DESPITE the Austin Healey make's surviving for a mere 18 years between 1952 and 1970, today it is remembered with both affection and respect as one of Britain's most successful post-war sports cars. Although it is forever identified with the colourful, extrovert figure of Donald Healey, an immeasurable contribution to the success of the 100, 3000 and, above all, the cheeky, low-cost Sprite, came from the quiet moustachioed figure of his eldest son, Geoffrey, who was responsible for their engineering and design.
After attending Warwick School, Geoffrey Healey received his technical education, briefly at the Camborne School of Mines in Cornwall, and then at the Coventry Technical College. He left in 1939 and served a local apprenticeship with the Cornercroft engineering company, which he completed in 1943. In the following year he joined the Royal Electrical and Mechanical Engineers, latterly serving in Beirut, and left REME in 1947 with the rank of captain.
His father had, in the meantime, established the Donald Healey Motor Company in Warwick, but before Geoffrey joined him there, Donald believed that his son should first gain motor-industry experience with another car-maker. The younger Healey therefore went to Armstrong Siddeley as a development engineer, where he worked under WO Bentley and Donald Bastow on a stillborn 3-litre model, and it was not until 1949 that he joined his father full-time in what was to become the family business. His brother, Brian, later ran the company's sales side.
Geoffrey soon proved his worth in taking over responsibility for the construction of the prototype Nash Healey and seeing, in 1950, the model into production. But these Warwick-built mostly Riley-engined Healeys proved to be heavy, expensive products and Donald Healey recognised that he would have to produce a smaller, cheaper, lighter car if he was to remain solvent. He and Geoffrey therefore laid out the specifications of the Austin- engined Healey 100 sports car, which appeared at the 1952 Earl's Court Motor Show. Overnight it became the newly formed British Motor Corporation's sports car and as the Austin Healey was aimed at the burgeoning American market. The 100 ultimately developed into the muscular 3000 which proved to be at home on the rally field as it was the road.
Geoffrey Healey, with a deep- rooted love of motor sport, took over responsibility for the racing and record-breaking side of the Warwick business and, in 1955, was appointed engineering director. It was in this capacity that he had overall responsibility for the Sprite of 1958 which was created in the utilitarian spirit of the pre-war Austin Seven Nippy. Soon to be universally known, in Mark I form, as the Frogeye on account of its distinctive protruding headlamps, it proved to be a great sales success for BMC and eventually some 130,000 were built.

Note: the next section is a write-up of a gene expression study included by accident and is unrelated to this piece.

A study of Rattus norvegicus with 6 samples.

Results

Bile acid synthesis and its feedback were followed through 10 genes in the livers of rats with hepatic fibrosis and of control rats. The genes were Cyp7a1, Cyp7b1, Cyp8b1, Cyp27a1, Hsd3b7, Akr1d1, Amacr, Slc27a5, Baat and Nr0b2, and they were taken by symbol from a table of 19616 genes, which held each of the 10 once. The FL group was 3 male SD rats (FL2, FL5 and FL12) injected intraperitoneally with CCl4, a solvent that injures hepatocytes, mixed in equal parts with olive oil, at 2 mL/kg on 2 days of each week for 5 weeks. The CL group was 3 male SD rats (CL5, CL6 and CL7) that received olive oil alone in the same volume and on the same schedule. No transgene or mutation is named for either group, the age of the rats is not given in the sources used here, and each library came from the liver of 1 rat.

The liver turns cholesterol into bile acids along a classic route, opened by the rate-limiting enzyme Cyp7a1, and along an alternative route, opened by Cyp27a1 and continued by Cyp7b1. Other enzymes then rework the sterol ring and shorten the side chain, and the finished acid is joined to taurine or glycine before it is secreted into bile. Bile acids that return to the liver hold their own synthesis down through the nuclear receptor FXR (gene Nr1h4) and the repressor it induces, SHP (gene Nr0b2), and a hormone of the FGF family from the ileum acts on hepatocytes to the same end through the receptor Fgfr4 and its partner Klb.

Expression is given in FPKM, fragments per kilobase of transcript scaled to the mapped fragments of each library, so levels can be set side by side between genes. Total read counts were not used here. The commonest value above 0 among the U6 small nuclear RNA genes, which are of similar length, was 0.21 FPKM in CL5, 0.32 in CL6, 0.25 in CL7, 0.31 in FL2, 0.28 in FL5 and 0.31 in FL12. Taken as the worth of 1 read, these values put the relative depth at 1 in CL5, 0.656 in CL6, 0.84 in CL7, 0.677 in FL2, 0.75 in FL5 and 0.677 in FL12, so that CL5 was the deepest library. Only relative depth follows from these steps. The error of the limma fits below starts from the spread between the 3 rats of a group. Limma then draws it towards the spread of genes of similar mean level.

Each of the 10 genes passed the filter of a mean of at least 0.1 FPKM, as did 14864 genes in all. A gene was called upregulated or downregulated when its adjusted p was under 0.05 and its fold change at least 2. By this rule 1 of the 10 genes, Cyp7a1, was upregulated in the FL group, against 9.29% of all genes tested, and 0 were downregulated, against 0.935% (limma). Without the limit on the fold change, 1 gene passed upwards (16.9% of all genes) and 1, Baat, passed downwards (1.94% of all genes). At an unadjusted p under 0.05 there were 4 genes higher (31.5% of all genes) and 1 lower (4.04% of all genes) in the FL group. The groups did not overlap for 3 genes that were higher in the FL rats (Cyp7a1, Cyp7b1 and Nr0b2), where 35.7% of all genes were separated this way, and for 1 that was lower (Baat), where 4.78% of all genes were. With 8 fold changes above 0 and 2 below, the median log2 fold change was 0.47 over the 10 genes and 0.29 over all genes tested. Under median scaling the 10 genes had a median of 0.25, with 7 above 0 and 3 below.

Alas, the following decade saw BMC tumble into deficit and it became a subservient partner in the British Leyland Motor Corporation, created in 1968. Its chairman, Lord Stokes, decided to discontinue royalty payments to consultants. The Healeys had their contract terminated in 1969 and the last Austin Healey was built the following year. The MG Midget version of the Sprite held on until 1980.
Geoffrey and his father were the first to recognise that the demise of the 3000 would produce a vacuum in America and the car created to fill it was the Jensen-Healey of 1972. They had joined the board of Jensen Motors and Healey senior became chairman. Sadly, there were too many fingers in the corporate pie. The Lotus-engined car suffered from poor build quality and lacked the persona that the 3000 had possessed in abundance. Whilst the Healeys should carry some responsibility for the car's shortcomings, they found their opinions disregarded and the world depression, following the 1973 world oil-price rise, provided the knock-out blow which culminated in Jensen's 1976 bankruptcy.
It was at this time that Geoffrey Healey turned to authorship and his book Austin Healey, the first of three related titles, was published in 1977. Providing a first-hand account of the 3000's creation, it became required reading for a generation of classic car enthusiasts, who nostalgically recalled the great days of the Big Healeys.
In 1979 Healey renewed his contacts with what had become BL Cars and joined the business as a development engineer, a position he held until his retirement in 1987. Latterly he continued his work with Healey Automobile Consultants in Barford, Warwick, where he delighted in his involvement in an updated version of the Frogeye Sprite which impressed him sufficiently for it to carry the Healey name.